The 3 Models Of Multisite Ministry
Multisite ministry is an ever-changing, organic model for today's church. Churches that engage in a multisite approach have a host of questions to answer and decisions to discern before jumping into the numerous options available. Whether you are either considering a multisite model or currently in one already, I hope this post will help clarify a few of the different options of how to structure your multisite ministry.
What type of multisite church model do you want to implement?
1. Franchise Model
What is it? A true franchise model of multisite ministry utilizes live stream or pre-recorded sermons to broadcast to the congregation. If you choose not to live stream, pre-recorded messages can be created and played back at the other campuses. Recording usually happens the week prior to the service, and there are a variety of high quality playback systems currently available. The live teaching usually takes place at the main/central campus; however, some churches have started rotating live-teaching around multiple campuses to provide cohesion for the church as a whole.
For the franchise model to be truly successful, I believe there must be intentional time and development poured into the staff to understand the identity and DNA of the church. Our client, Lifepoint Church of Fredericksburg, VA is a good example. They do a great job of displaying their values to staff and volunteers whenever possible, like creatively painting them on the walls and adding them to their common language. Another important aspect of a successful multisite church franchise model is excellent communication and planning. You cannot expect another campus to execute a well-produced weekend service experience by communicating the elements only a day or two in advance.
Challenges: Staffing and reporting structure can be a core challenge in the true franchise model. It can be difficult to find experienced Campus Pastors without a desire to teach or lead a team. Another difficulty is that venues and auditoriums are different, by both physical features and location, so naturally a weekend experience at one site will not be the exact same experience at another site. There can also be an inequity in resources in available finances, staff, and volunteers.
2. Modified Franchise Model
What is it? The modified franchise model uses consistent weekend teaching across all campuses, as well as unified branding for the campuses/weekends. However, the worship expression and programing is not identical at each campus; each location will usually have its own unique flavor and feel within the boundaries of the church vision and mission.
In my experience, the modified franchise model is one of the most popular and successful models used among churches. The lead Campus Pastor has more autonomy to lead their staff and congregations, while still being supported by and connected to the larger core church. Lead Campus Pastors will also typically teach live from 6-12 times a year depending on the location and church model.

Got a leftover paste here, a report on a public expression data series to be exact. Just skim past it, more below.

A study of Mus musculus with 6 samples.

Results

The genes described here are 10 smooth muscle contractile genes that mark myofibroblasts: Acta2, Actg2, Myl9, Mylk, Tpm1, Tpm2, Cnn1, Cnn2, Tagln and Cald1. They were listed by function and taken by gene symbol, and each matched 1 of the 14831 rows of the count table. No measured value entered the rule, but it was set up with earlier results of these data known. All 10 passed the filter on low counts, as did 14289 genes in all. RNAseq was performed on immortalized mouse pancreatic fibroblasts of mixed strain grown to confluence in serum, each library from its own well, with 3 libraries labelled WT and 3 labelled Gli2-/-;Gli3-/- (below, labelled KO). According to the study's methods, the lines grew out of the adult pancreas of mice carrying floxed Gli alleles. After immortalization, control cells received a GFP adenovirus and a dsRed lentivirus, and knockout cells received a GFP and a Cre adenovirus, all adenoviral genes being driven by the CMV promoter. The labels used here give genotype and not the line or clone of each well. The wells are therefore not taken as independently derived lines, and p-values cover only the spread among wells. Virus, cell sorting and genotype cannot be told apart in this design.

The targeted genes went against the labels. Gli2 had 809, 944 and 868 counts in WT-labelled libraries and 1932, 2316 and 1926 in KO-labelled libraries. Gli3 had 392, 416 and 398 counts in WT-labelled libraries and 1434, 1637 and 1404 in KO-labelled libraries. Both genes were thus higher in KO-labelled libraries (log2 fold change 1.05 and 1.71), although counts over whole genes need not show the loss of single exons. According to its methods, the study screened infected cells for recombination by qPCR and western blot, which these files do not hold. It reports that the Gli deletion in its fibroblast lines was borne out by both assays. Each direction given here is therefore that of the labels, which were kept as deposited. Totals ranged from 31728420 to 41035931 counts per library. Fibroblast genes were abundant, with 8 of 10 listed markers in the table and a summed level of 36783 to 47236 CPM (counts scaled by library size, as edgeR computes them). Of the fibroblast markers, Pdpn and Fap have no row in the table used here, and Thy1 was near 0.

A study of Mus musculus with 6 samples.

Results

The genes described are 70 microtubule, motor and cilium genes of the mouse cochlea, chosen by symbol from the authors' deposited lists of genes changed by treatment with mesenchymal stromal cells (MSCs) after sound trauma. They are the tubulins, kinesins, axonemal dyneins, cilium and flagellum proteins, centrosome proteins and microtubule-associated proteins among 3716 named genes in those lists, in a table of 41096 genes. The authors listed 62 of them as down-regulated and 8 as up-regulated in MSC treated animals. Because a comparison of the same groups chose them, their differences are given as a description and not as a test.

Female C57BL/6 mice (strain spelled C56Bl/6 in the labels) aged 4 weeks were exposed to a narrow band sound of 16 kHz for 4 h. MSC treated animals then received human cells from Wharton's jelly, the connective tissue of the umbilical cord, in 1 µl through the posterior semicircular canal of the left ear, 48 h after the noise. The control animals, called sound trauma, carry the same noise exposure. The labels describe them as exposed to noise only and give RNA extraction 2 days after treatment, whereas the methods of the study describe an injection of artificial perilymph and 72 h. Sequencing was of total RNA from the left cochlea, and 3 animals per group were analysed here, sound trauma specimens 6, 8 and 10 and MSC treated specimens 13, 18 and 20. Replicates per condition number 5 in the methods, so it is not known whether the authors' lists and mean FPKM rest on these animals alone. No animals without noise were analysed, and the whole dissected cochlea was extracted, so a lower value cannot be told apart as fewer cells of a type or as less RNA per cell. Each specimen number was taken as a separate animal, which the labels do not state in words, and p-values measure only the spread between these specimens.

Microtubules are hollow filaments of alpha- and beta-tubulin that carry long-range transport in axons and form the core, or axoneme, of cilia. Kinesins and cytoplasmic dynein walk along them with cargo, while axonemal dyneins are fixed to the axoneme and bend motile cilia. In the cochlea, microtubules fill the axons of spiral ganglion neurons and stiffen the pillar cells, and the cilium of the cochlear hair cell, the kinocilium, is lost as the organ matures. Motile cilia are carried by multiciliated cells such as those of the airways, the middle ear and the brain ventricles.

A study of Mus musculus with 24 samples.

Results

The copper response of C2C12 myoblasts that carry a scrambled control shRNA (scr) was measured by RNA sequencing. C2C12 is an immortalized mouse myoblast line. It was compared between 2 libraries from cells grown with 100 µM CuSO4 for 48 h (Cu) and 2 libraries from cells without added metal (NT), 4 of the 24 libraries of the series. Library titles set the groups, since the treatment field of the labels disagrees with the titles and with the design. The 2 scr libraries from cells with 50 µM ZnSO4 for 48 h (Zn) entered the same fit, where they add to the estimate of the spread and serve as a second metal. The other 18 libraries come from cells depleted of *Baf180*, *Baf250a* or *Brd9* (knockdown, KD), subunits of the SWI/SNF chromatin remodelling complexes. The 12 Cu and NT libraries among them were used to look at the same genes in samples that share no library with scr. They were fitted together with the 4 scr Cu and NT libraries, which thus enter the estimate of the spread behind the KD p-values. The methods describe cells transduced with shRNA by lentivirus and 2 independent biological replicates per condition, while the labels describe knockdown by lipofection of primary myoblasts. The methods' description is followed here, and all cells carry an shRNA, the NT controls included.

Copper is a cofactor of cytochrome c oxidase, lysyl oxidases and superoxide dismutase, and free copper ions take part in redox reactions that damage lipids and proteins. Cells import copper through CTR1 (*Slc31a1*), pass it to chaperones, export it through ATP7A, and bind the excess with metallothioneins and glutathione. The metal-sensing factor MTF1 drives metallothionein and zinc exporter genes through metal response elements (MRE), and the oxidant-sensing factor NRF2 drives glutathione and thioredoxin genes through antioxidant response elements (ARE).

Willow Creek Community Church in Chicago, IL is a great example of the modified franchise model. The same artistic experience is present at each campus, but it is usually a unique expression depending on the location. The messages and teaching are consistent across all sites.
Challenges: As with most multisite models, communication and continuity are some of the key challenges for the modified franchise. It is important to maintain a consistent experience for the people that are attending, so that they feel the freedom to invite their friends and family. This can be maintained with increased communication and improved strategic planning from the leaders in the church.
3. Live Teaching Model
What is it? The live teaching multisite is moderately decentralized because each campus has its own expression of local, live teaching, but it is still connected to the main campus by governance and elder polity. Typically, the live teaching is coordinated throughout all campuses and the Campus Teaching Pastors sit on a global teaching team to create the teaching calendar and content.
Challenges: Some of the core concerns with this type of multisite church model are that one campus could break off and become an independent church and that campuses with live teaching can become personality-driven. When hiring for a Campus Pastor who teaches consistently, it is imperative to find a balance between a follower (dependence) and full-entrepreneur (independence).
Some questions to consider as you look into multisite ministry and the models available to you: Do you want to be a church of churches or a church of campuses? Why are you considering multisite ministry, and what is the underlying motivation?
There is certainly no set right or wrong way to structure your multisite ministry, and there are pros and cons to all the models and variations of each listed above. As you look at your vision and goals as a church, consider your church’s mission, your staff and their capacity, and the people you aim to serve as you move ahead.
Which multisite model best fits your church's mission and vision?